Recently I received an email from a student who was in my kindergarten class nine years ago. He is now a freshman in high school and just wanted to say hello. It was a great note—he shared homecoming pictures, and information about how he was doing in school and at home. But what struck me most were the things he remembered about kindergarten. He told me he still watches the end-of-the-year DVD that I gave each child as a parting gift, a collection of photos set to music celebrating our year together.
As the end of this year draws near, I keep returning to the comments I received in that email. The surprise that students would still be watching a video I made for them so long ago reminds me how incredibly important our end-of-the-year rituals can be.
I think both teachers and students need rituals and keepsakes to close out the year, to celebrate the community that has been so important to each of us. For me, the process of planning or creating these things gives me the right mind-set to end the year with a celebratory tone. Instead of focusing on the stress that the end of the year often brings, end-of-the-year rituals keep me grounded. Deciding on a parting gift for students and creating it gives us the chance to reflect on the year and the growth we’ve all made.
Gifts and Rituals That Endure
When I was in elementary school, we often passed around yearbooks, autograph journals, or other texts that were designed for collecting and sharing memories. There are a few things from my own childhood classrooms that I am still not able to part with, since they remind me of a community that was part of my growth. Even the simple signatures written in a small spiral notebook bring back vivid memories of my sixth-grade year.
My own children have boxes of keepsakes from school. One of my daughter’s teachers gave each student a CD of songs the class sang throughout the year as part of their daily routines. Her kindergarten portfolio (with the teacher’s personal touches) is also something we will cherish forever.
I’ve tried to close out the year in many different ways. I’ve created class books in which each child designs a page about his or her year. I’ve written personalized letters to each child, highlighting positive things I remember from our year together. One of my favorites has been a placemat-like collage of photos, color copied and laminated for each child. I’ve also ended the year by giving each student a copy of a book they loved during our time together, or a new title that I think they’d enjoy over the summer.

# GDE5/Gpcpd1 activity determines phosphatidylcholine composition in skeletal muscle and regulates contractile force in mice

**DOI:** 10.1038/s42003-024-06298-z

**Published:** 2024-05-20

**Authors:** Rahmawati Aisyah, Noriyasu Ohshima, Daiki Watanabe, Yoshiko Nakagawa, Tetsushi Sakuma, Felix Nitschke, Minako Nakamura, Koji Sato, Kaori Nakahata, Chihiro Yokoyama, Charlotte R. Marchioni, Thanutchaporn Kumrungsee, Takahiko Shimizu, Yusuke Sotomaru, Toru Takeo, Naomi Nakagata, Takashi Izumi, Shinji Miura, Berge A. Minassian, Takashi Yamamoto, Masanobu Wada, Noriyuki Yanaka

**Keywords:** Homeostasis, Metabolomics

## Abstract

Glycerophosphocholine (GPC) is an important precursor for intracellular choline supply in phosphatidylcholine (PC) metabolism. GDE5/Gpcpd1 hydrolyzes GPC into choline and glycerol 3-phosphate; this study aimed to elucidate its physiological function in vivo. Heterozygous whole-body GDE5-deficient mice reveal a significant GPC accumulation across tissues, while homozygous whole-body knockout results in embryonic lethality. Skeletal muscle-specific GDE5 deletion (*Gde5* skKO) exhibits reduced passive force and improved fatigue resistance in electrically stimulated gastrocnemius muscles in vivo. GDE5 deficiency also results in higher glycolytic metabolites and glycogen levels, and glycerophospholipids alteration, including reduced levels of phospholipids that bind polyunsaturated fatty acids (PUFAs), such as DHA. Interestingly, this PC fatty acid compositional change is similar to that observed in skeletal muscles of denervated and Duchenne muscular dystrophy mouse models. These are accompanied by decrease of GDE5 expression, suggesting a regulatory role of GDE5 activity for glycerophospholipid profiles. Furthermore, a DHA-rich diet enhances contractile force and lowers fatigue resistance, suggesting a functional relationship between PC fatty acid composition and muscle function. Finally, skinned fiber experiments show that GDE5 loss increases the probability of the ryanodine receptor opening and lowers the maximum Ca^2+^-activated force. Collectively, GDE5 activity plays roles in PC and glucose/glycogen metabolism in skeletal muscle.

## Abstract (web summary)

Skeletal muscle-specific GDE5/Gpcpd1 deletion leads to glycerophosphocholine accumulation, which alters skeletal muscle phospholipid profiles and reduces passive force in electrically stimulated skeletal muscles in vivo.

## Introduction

The best end-of-the-year gifts are often not “things” at all. In her book Reconsidering Read-Aloud, Mary Lee Hahn shares a birthday tradition that she has in her classroom. On each child’s birthday, as a gift from Mary Lee, students can choose a favorite book or passage that the class has already read aloud for Mary Lee to reread to them. What a fantastic celebration of books and rereading! I revised this idea a bit and used it with a fifth-grade class as an end-of-the-year celebration. For the last 25 days of school, each child was assigned a day. On their assigned date, their job was to choose a passage from their favorite read-aloud that they would love to hear again. For the final 25 days of school, we revisited favorite passages from our year of reading together.
I have often had students write to each other about one positive thing they’ll remember about or that they learned from each child. I then collect the comments and type up a list for each student, compiling all the things their classmates will remember about them. This has always been a powerful experience and a terrific way to close out the year. One year, I decided to expand on this idea. Rather than the students merely thinking about our classroom community, I wanted them to think about the ways in which the entire school community had contributed to their growth as learners.
We brainstormed a list of all the people in the school who had had an effect on their learning over their elementary years. The list was enormous; it included the school nurse, custodians, the art teacher, parent volunteers, and many others. I purchased tiny boxes from a local craft store as well as scrapbook paper. On small (1-by-1-inch) squares of scrapbook paper, students wrote a short note to the people in the school community. It could be anyone they remembered from their years at the school. On the last day of school, the small boxes with personal memories were delivered to each staff person in the building. For the fifth graders moving on to middle school and for the staff who watched them grow up, this was a meaningful way to end the year.
There are years when I have been tempted not to put the time and energy into closing out the year. With the pressure of testing behind us, it is easy to give up long-standing traditions and take a small break from the deadlines and hassles of these special events and gifts. But I think we are doing ourselves a disservice if we don’t put time into thinking about how to end each year. The cycle of the school year is an important one, with the ending giving us a chance to reflect on what it is we hope that our students leave with. What will they carry with them once the year is over?
The process of honoring the community that we’ve all been a part of has always been one of my favorite things about ending the school year. Along with the bittersweet feeling that is part of every ending, the right gift can help us all carry away the best of our learning memories. These are the things that will be tucked away in drawers, attics, and lockboxes. And sometimes, when we least expect it, we get those notes or emails that remind us how much these keepsakes mean to our students.